The first three COVID-19 cases were reported Monday in Brantley County, the only Southeast Georgia that had not yet seen a confirmed case of the new coronavirus, according to the Georgia Department of Public Health.
Across the state, data released about 6:30 p.m. Monday shows, the number of confirmed coronavirus cases grew to 7,558, up 244 cases from late Monday morning, while the number of deaths rose to 294 -- an additional 65.
Of the confirmed COVID-19 cases statewide, 101 cases have been reported in Southeast Georgia, with 16 new cases reported Monday night: the three cases in Brantley County (up two cases from Monday morning), 28 cases in Ware County (up six cases), 23 cases in Pierce County (up two cases), 15 cases in Camden County (up six cases) and three cases in Chalton County (up one case).
There was no change in the number of cases reported in Glynn County (29 cases).
Three deaths were previously reported in Southeast Georgia -- all in Ware County.
Fulton County still has the highest number of confirmed cases in Georgia with 1,053, and 32 deaths reported. The small Southwest Georgia county of Dougherty has had 44 reported deaths, the most of any county in the state, and 722 confirmed cases.
Of those who have tested positive in Georgia, 60% were between 18 and 59 years old, 35% were age 60 and up, 1% were age 17 or younger and 4% were of unknown age. Of the COVID-19 patients, 53% were female and 45% were male, with the gender unknown for the other 2%.
At last check, 31,274 tests have been performed in Georgia, according to DPH.
Georgia motorists were told to keep their windows rolled up as their cars lined up at a mass drive-thru testing site for COVID-19 that opened Monday in a parking deck at the Georgia Institute of Technology.
The state is partnering with CVS Health to set up rapid testing that can accommodate multiple lanes of cars simultaneously on Georgia Tech’s campus in midtown Atlanta, Gov. Brian Kemp announced.
“Roll your window up, roll your window up!” a police officer yelled at drivers as they approached the first of at least two checkpoints.
Dozens of drivers pressed their photo IDs and cellphones to their car windows to show their appointment confirmations. Cars were then directed to a testing area.
Kemp said in a statement Monday that the process was expected to take about 30 minutes from testing to deliver of the results. And Positive results could even be delivered in as little as five minutes, CVS said in a statement.
“Increased access to rapid testing remains one of our top priorities in order to identify more cases, get Georgians the care they need, and prevent further infection in our communities,” Kemp said.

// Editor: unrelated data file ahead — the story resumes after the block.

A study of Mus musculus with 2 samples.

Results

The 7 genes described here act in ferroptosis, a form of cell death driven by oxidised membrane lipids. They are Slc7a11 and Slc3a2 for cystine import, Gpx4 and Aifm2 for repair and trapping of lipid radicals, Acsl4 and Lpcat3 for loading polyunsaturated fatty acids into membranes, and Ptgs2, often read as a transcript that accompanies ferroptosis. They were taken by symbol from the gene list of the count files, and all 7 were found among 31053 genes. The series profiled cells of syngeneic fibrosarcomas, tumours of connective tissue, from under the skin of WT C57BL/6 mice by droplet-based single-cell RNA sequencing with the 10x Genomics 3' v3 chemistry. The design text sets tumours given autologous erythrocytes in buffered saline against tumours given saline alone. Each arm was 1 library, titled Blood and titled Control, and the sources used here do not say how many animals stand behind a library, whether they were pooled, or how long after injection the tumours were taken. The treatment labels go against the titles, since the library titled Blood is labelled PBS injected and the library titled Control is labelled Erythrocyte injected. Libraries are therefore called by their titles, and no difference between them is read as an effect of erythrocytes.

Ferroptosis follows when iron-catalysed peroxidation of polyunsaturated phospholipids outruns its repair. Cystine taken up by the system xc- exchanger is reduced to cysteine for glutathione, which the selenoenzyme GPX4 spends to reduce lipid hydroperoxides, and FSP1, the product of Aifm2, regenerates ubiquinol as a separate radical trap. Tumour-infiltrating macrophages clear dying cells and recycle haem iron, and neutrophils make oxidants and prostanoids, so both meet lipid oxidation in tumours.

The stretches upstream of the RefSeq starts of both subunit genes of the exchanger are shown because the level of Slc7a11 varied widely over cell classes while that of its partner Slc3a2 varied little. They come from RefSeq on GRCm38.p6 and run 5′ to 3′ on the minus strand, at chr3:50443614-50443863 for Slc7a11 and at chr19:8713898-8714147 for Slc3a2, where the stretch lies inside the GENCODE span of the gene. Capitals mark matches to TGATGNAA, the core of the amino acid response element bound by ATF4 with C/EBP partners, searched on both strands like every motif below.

At full capacity, the site will be able to conduct up to 1,000 tests per day.
“It will help us get a better sense of how widespread the virus is in the community,” said Dr. Marybeth Sexton, an infectious disease expert at the Emory University School of Medicine.
Emmanuel Kolady, senior vice president at CVS Health, said the company was eager to help in the public health crisis.
“Look, we’re one of the largest health care companies in the country and we believe we play an important role in dealing with this pandemic and we believe it’s our duty to step up and assist the local, state and the federal government in providing solutions,” Kolady said.
Patients must pre-register in advance for a same-day appointment online at www.CVS.com/minuteclinic/covid-19-testing.
For most people, the new coronavirus causes mild or moderate symptoms. For some, especially older adults and people with existing health problems, it can cause severe and even life-threatening illness.
Elsewhere, President Donald Trump was asked Monday about Kemp’s decision to reopen the state’s beaches. Georgia’s governor had said people weathering the coronavirus outbreak need fresh air and exercise.
Kemp also noted Sunday on Twitter that state law enforcement officers were monitoring beaches at Tybee Island and elsewhere to ensure crowds weren’t gathering, and that beach traffic appeared sparse. Kemp said, “Beach gear and parties are prohibited.”
“Patrols are vigilant so people can get fresh air and exercise while following social distancing rules,” the governor tweeted.
At his daily news conference on the pandemic, Trump was asked about Kemp’s actions.
“I haven’t seen -- I’m going to have to see to what extent,” Trump said of the matter. “I’m going to have to see how many people you’re talking about. Are they crowded, are they packed, are they not packed? We’ll have to take a look at it. Right now, it’s very early for beaches in Georgia. So right now, very early. So I’ll take a look at it.”
Trump said Kemp has done a good job as governor: “He knows what he’s doing, we’ll have to take a look. It really does depend on, you know, how crowded it may be. But I will talk to him and I will ask him that question I would ask him. Yeah, please.”
Earlier Monday, in hard-hit Dougherty County, officials said they were seeing some glimmer of optimism. The number of coronavirus tests conducted at a drive-thru site at Phoebe Putney Memorial Hospital in Albany was just 46 on Sunday, a sharp drop for a site that had been taking 150 or more test samples daily, said Chris Cohilas, chairman of the Dougherty County Commission.
“I don’t know yet if that is statistically remarkable,” Cohilas said at a news conference. “But to me as a person who is looking at these numbers each and every day ... for us to experience a day where we only tested 46 yesterday; that’s encouraging.”
Scott Steiner, CEO of Phoebe Putney Health System, said the Albany hospital Monday had 136 patients with COVID-19 or presumed infected, and that all intensive care beds at the hospital remained full. But he said 77 virus patients have been discharged since Wednesday, and five others have been taken off ventilators and are breathing on their own.